The 7 technological wonders of the 21st century
The Royal Academy of Engineering in the U.K. has come up with a list of the seven engineering wonders of the 21st century.
The list was compiled with input from experts and a panel drawn from the Academy’s programs for young engineers. The goal is to raise awareness of the wide range of careers in engineering, the Academy said.
Gore-Tex Fabric is waterproof and breathable while allowing perspiration to pass through. Bonded to clothing and footwear, it reduces the use of waterproofing sprays and waxes that previously had to be reapplied as they wear off.
Atmos allows sound to move almost anywhere in a theater. Traditional stereo surround sound, like that used for Star Wars in 1977, delivers sound from only a few angles. Dolby Atmos allows artists to treat specific sounds as individual audio objects, which can be “precisely placed and moved by the soundtrack creator anywhere in the cinema's three-dimensional space, making the cinematic experience far more immersive,” the Academy said.
Apple's mobile phone “launched a mobile communications revolution in 2007,” according to the Academy. The iPhone introduced the world to apps and put the internet in your pocket.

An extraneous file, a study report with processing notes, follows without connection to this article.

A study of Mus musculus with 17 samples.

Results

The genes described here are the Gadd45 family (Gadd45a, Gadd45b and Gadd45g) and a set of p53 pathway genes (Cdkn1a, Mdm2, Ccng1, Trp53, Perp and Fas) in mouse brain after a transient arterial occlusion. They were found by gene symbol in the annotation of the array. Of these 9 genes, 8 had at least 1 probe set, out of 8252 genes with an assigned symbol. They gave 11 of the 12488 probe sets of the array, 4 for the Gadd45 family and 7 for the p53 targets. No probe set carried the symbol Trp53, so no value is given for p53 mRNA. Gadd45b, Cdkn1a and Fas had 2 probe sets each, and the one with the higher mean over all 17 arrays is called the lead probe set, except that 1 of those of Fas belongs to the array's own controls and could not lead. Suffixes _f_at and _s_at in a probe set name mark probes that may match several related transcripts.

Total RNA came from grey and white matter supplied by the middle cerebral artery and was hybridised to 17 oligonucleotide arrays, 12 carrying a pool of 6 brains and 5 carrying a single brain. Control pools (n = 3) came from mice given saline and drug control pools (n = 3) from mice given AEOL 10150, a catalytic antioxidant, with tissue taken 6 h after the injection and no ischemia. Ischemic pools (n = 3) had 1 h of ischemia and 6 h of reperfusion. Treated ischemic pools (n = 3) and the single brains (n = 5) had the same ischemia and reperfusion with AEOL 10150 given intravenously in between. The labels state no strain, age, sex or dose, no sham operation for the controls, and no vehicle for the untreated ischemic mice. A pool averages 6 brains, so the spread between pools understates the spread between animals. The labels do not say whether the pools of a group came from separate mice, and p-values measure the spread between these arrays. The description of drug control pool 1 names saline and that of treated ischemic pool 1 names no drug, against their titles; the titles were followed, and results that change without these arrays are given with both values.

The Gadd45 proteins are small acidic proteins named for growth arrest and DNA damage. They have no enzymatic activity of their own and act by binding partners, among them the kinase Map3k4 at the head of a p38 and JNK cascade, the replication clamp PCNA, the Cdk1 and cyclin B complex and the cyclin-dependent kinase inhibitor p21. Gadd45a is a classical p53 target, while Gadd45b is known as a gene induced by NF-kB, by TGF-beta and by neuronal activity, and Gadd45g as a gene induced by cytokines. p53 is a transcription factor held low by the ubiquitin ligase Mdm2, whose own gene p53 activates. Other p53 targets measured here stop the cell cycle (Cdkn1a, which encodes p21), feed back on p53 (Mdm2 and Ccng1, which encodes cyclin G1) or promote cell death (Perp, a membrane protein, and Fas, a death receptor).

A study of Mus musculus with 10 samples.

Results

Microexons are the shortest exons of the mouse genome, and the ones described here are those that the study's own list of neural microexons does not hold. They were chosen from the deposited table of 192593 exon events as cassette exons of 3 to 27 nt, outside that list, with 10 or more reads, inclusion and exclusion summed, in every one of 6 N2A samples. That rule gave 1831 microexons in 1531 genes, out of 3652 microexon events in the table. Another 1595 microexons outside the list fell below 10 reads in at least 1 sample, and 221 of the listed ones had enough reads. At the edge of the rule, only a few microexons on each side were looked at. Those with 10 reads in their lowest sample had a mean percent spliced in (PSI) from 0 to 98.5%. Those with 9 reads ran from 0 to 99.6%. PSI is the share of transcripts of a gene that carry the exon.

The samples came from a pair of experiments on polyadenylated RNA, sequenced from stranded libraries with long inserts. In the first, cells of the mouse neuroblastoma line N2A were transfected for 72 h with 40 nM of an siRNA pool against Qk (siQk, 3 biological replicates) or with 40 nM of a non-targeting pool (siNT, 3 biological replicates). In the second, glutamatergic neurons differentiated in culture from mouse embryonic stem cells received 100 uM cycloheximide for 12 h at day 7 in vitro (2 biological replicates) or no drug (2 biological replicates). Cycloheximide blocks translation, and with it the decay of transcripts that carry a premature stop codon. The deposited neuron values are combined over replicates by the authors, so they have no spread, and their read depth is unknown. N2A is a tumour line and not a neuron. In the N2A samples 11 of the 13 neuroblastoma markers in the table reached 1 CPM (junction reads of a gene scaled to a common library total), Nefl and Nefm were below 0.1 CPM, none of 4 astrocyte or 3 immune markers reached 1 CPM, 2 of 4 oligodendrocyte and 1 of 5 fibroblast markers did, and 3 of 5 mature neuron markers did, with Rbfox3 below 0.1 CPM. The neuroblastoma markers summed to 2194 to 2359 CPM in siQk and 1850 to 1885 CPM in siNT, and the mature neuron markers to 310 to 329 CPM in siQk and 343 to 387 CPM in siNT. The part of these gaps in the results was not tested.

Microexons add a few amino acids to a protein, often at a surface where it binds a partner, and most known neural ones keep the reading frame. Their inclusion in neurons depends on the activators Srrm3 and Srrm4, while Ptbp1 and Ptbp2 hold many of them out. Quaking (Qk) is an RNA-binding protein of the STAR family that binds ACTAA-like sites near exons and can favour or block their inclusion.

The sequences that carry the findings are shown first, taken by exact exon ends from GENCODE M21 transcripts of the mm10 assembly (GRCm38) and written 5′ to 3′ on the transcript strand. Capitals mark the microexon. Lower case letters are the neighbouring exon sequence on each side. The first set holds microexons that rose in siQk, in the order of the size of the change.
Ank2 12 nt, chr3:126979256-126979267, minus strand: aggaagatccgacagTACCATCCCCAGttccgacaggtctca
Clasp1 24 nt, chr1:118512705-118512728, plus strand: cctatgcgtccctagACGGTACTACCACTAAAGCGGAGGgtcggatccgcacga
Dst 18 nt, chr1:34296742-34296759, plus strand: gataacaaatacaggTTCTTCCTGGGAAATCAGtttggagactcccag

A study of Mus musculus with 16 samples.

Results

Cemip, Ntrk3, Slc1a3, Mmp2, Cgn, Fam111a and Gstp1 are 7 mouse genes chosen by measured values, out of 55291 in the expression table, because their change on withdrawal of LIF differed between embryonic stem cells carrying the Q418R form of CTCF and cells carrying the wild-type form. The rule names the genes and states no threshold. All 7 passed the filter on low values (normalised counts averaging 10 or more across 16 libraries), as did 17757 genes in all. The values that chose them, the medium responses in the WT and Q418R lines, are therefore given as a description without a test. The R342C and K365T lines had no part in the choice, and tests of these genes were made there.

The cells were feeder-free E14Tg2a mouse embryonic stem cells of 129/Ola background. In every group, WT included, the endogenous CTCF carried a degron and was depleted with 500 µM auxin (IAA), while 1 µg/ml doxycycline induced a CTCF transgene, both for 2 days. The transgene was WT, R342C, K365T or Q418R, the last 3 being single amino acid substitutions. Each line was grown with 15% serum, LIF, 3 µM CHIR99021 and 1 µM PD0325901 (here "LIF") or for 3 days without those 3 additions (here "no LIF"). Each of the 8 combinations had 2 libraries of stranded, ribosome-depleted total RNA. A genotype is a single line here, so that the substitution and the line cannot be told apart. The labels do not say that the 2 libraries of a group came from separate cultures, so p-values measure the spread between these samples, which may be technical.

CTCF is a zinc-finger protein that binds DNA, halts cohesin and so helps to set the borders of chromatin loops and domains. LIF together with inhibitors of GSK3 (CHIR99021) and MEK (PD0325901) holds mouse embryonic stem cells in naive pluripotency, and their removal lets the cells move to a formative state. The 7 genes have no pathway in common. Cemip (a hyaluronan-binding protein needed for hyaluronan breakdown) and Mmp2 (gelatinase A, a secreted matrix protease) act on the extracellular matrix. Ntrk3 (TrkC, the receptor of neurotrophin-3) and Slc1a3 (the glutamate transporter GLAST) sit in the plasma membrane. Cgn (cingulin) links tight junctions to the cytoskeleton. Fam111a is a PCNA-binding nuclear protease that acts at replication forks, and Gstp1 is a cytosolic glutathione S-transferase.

It also “revolutionized the user interface” and the “simplicity brought a whole new audience to smart devices.”
YouTube has democratized video distribution, according to the Academy. The video-sharing service took internet video “from a relatively minor service to something used by all and paved the way… for services such as Netflix and Amazon Prime.”
3D printed bone implants
For bone implants, 3D printing is used to create “custom structures and scaffolds, made of ceramics similar to natural bone.” And new bone can grow around and even integrate with the implant. These techniques are used in surgery on the jaw and face.
“Diarrhea caused by dirty water and poor sanitation kills a child under five every two minutes,” the Academy said, adding that globally one in six people still do not have access to clean water. Engineering innovation is critical in water sanitation, distribution and treatment.